Winner of the 2019 Fitzcarraldo Editions Novel Prize
‘I took one look at him, and I saw what he really wanted.’
On the Sunday of his eighteenth birthday, in 1975, Colin takes a walk on Box Hill, a biker hang-out in Surrey. Timid, awkward, and very much out of his element, he accidentally trips over Ray, a biker taking a nap under a tree. Ray takes immediate control of the situation, and Colin moves in with him that night.
A sizzling, sometimes shocking, and strangely tragic love story between two men, Box Hill is a stunning novel of desire and domination by one of Britain's most accomplished writers.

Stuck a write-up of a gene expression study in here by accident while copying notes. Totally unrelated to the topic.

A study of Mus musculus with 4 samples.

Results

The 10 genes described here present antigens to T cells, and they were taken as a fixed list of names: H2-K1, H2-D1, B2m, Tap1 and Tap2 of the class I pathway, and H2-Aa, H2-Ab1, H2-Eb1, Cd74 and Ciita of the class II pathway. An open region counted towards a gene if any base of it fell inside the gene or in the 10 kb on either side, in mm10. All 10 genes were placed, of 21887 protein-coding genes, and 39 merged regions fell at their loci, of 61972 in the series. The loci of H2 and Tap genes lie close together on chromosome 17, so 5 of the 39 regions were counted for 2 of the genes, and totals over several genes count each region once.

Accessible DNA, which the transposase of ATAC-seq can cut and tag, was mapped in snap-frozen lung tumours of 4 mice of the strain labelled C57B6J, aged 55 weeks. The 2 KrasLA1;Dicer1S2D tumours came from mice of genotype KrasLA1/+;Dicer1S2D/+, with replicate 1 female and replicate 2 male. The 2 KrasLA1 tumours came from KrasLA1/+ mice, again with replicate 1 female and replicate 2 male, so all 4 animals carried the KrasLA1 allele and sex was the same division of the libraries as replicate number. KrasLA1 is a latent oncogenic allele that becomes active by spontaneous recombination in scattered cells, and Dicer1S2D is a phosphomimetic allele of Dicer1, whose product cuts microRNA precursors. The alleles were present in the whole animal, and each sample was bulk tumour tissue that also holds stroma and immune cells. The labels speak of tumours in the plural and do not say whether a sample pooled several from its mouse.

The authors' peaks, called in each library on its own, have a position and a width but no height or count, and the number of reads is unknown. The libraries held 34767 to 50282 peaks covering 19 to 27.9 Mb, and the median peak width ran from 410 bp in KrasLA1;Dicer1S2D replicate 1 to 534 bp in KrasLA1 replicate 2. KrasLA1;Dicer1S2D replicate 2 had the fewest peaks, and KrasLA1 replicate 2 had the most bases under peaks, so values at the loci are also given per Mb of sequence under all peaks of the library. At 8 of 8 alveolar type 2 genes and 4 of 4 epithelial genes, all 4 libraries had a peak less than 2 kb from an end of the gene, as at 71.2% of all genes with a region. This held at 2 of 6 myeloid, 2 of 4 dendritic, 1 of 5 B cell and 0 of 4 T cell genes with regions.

Power dynamics are the central theme in this short, bittersweet story of a young man's sexual awakening, by Mars-Jones (Cedilla). On his 18th birthday in 1975, Colin Smith ventures to Box Hill, a tree-lined cliff in Surrey commonly frequented by motorcyclists. Desperate to one day have his own bike as well as growing emboldened to explore his sexuality, Colin is drawn to the bikers as much as the bikes. While hiking through an overgrown area, he trips over Ray, a handsome, leather-clad biker napping against a tree. The moment kick-starts a six-year relationship between the two men, defined by Colin's submission to Ray who tells people "Colin didn't fall for me, he fell over me" who introduces Colin to the world of biking, poker, and sexual exploration. Colin describes Ray as a sum of contradictions rugged and dismissive, but also socially aware, and he allows Ray to mistreat him after he moves into Ray's apartment, remaining emotionally attached despite Ray's cruelty, such as forcing Colin out of the apartment every morning at nine a.m. Near the end of his relationship with Ray, Colin goes on holiday with his family, a decision he deeply regrets. Mars-Jones colors Colin's tender reminiscences with humor, sex, and tragedy. This is an indelible snapshot of 1970s English gay biker culture.